LONDON — A U.S. Defense Department MUOS satellite in geostationary orbit has successfully maintained telephone links with an aircraft flying over the North Pole — 89.5 degrees north latitude — in a demonstration that can only whet the appetite of U.S. allies, which for now do not have access to the relevant MUOS capacity.

Whether and when access to MUOS — the Mobile User Objective System — will be extended to U.S. allies was debated here Nov. 6-7 during the Global Milsatcom conference organized by SMi Group.

Two MUOS satellites are in orbit over the equator, and a third is scheduled for launch in 2014. Two more copies, including one to be used as an in-orbit spare, are in production at Lockheed Martin Space Systems.

In a presentation here, Justin Keller, director of advanced programs in Lockheed Martin’s military space systems office, said a C-130 transport aircraft fitted with an omnidirectional blade antenna maintained calls via MUOS while flying to 89.5 degrees north. The same performance could be expected in the Antarctic, he said.

Keller said MUOS’s design specifications call for the system to be able to maintain stable 24/7 call connectivity up to 65 degrees north latitude. But MUOS’s key advantage over the legacy UHF satellite communications systems that it is succeeding is its Wideband Code Division Multiple Access (WCDMA) payload.

The 16 WCDMA beams are designed to offer much faster tactical communications links, up to 384 kilobits per second.

Keller said the C-130 was flying at a speed of 300 knots at an altitude of 7 kilometers. An equivalent link between MUOS and a user standing at sea level would have been 83 degrees north, he said. He cautioned that stable communications at this latitude would not be assured on a 24/7 basis, but that the demonstration showed that some operations were possible much farther north than expected.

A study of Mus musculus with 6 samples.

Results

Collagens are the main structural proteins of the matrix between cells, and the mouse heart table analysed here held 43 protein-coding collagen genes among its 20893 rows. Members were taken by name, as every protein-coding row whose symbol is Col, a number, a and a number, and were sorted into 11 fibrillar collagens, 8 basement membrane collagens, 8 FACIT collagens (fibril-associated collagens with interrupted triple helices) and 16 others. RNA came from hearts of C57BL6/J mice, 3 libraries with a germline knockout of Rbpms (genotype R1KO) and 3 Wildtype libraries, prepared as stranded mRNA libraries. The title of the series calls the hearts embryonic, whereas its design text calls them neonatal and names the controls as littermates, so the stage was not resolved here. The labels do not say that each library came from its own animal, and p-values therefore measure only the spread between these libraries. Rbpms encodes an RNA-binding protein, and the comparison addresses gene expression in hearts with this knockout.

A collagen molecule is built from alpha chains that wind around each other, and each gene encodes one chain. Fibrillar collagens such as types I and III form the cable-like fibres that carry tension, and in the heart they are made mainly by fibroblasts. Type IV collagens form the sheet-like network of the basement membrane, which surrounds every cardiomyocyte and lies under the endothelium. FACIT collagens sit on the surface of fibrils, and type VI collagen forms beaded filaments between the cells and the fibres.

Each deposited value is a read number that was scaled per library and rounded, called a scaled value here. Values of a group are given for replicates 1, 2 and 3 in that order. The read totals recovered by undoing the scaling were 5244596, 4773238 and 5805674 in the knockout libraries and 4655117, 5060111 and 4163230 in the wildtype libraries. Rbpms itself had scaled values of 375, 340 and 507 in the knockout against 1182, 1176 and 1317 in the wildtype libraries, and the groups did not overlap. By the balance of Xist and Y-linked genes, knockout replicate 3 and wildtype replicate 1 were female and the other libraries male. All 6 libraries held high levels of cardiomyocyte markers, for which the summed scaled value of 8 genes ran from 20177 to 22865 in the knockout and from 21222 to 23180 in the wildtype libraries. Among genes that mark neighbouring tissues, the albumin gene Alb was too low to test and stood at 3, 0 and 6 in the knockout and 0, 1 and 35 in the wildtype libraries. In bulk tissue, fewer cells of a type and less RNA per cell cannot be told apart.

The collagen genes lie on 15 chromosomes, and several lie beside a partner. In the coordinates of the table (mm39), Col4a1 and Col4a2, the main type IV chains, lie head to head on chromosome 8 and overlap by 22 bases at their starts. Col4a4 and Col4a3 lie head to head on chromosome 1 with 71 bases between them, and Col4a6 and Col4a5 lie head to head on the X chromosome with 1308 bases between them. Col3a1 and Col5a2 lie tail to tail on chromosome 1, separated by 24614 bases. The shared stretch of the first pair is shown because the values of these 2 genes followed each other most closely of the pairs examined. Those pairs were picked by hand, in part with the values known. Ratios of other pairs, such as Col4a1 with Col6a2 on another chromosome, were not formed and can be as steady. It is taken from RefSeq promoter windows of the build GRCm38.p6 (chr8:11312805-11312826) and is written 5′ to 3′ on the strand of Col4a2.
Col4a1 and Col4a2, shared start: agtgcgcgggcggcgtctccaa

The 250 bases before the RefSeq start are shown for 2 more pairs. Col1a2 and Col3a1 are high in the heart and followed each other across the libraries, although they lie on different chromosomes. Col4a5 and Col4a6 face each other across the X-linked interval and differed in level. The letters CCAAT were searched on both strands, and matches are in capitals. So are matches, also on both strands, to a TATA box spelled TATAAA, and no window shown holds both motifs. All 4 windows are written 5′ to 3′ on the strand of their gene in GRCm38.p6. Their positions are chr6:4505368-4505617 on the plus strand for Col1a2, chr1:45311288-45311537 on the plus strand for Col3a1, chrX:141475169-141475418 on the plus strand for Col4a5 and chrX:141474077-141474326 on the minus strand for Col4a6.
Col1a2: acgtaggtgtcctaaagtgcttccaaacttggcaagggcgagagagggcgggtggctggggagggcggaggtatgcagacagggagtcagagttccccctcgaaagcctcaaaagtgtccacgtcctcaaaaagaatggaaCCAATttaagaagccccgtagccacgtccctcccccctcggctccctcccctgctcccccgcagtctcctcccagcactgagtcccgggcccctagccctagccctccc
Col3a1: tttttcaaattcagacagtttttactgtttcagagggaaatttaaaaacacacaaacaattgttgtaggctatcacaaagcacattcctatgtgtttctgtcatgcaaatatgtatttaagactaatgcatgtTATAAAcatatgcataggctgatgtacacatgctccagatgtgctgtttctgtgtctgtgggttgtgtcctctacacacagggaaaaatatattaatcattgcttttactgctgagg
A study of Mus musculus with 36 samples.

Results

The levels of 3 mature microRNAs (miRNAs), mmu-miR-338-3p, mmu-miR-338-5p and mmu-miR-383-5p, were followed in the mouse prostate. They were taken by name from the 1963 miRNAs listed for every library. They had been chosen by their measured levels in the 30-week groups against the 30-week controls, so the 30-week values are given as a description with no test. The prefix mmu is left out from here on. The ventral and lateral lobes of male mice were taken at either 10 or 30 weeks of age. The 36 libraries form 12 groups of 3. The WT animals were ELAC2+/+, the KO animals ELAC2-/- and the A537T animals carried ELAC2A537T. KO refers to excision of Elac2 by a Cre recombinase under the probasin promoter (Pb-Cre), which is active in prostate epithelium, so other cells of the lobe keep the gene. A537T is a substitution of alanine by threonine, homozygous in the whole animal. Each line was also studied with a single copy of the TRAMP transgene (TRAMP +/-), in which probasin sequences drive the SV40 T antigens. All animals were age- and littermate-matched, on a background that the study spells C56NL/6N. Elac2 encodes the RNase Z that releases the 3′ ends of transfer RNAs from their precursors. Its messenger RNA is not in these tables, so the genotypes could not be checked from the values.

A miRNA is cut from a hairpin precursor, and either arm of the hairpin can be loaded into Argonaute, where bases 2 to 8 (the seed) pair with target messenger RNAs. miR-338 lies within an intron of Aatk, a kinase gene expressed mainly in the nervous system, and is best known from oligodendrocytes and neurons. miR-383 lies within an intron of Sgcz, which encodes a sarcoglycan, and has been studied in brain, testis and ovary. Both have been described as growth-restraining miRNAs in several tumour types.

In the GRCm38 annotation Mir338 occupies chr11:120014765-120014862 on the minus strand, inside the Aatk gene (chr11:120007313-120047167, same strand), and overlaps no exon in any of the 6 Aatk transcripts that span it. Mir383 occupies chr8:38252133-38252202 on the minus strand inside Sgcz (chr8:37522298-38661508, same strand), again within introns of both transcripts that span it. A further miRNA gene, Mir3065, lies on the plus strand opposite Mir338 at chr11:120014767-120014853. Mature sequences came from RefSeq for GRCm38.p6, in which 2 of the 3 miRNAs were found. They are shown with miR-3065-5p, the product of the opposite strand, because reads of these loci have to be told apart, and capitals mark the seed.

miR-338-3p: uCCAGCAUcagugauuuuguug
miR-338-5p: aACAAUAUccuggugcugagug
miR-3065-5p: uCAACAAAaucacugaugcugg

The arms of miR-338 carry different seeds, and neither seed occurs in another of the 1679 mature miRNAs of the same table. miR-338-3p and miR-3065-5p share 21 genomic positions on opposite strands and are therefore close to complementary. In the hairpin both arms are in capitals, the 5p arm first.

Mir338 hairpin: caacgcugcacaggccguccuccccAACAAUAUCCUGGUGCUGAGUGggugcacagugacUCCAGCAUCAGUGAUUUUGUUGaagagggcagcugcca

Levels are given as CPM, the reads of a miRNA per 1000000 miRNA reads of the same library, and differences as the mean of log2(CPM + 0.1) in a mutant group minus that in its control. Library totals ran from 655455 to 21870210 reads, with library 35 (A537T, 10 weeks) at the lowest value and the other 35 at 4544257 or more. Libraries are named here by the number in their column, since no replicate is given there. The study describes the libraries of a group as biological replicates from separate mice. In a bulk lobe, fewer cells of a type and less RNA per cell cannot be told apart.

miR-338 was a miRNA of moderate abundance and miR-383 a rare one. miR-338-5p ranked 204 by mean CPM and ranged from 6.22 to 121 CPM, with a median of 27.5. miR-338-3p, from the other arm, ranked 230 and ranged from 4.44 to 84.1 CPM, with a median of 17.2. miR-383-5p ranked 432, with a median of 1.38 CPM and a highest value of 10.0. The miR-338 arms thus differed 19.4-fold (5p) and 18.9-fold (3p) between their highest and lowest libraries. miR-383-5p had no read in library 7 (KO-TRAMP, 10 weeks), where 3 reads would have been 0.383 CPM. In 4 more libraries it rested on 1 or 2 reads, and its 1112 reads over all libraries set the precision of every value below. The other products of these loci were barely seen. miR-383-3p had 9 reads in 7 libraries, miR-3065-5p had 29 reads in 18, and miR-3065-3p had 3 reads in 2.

Global warming has made the Northwest Passage much more popular as a commercial sea route, and the widening ice-free areas make the region much more valuable, and potentially contested, for its energy and mineral deposits. Russia, Canada and Norway are all planning space systems to survey the Arctic region.

In addition to its 16-beam WCDMA capacity, delivered through a 14-meter-diameter unfurlable mesh antenna built by Harris Corp. of Melbourne, Fla., MUOS carries a legacy UHF payload designed to work with UHF radios already on the market and used by several allied nations to assure communications links for their troops.

Keller said the same flights that established the links with the MUOS WCDMA payload could not complete calls using the legacy UHF payload on MUOS despite efforts using this payload’s 5- and 25-kilohertz channels.

Several allied nations have purchased F-35 Joint Strike Fighter aircraft that, in principle, are designed with communications links to MUOS’s WCDMA payload. But the nations making these purchases are not receiving the communications pods with WCDMA because that payload is reserved for U.S. use only.

At least for now. Harold Haney, chief of space and missile defense in the Command, Control, Communications and Computers Division of the U.S. Strategic Command in Omaha, Neb., said the idea of opening all of MUOS’s capability to allies is a regular subject of debate.

“This could change. But until there are some political requirements for cooperation [with allies] on MUOS, we cannot change the policy,” Haney told the conference. “The F-35s that were sold to a number of nations were not sold with the MUOS boxes in it. The buyers will decide on the comms options themselves.”

Haney said at least part of the MUOS system would need a design modification in the event other nations became part of it.

Peter B. de Selding was the Paris bureau chief for SpaceNews.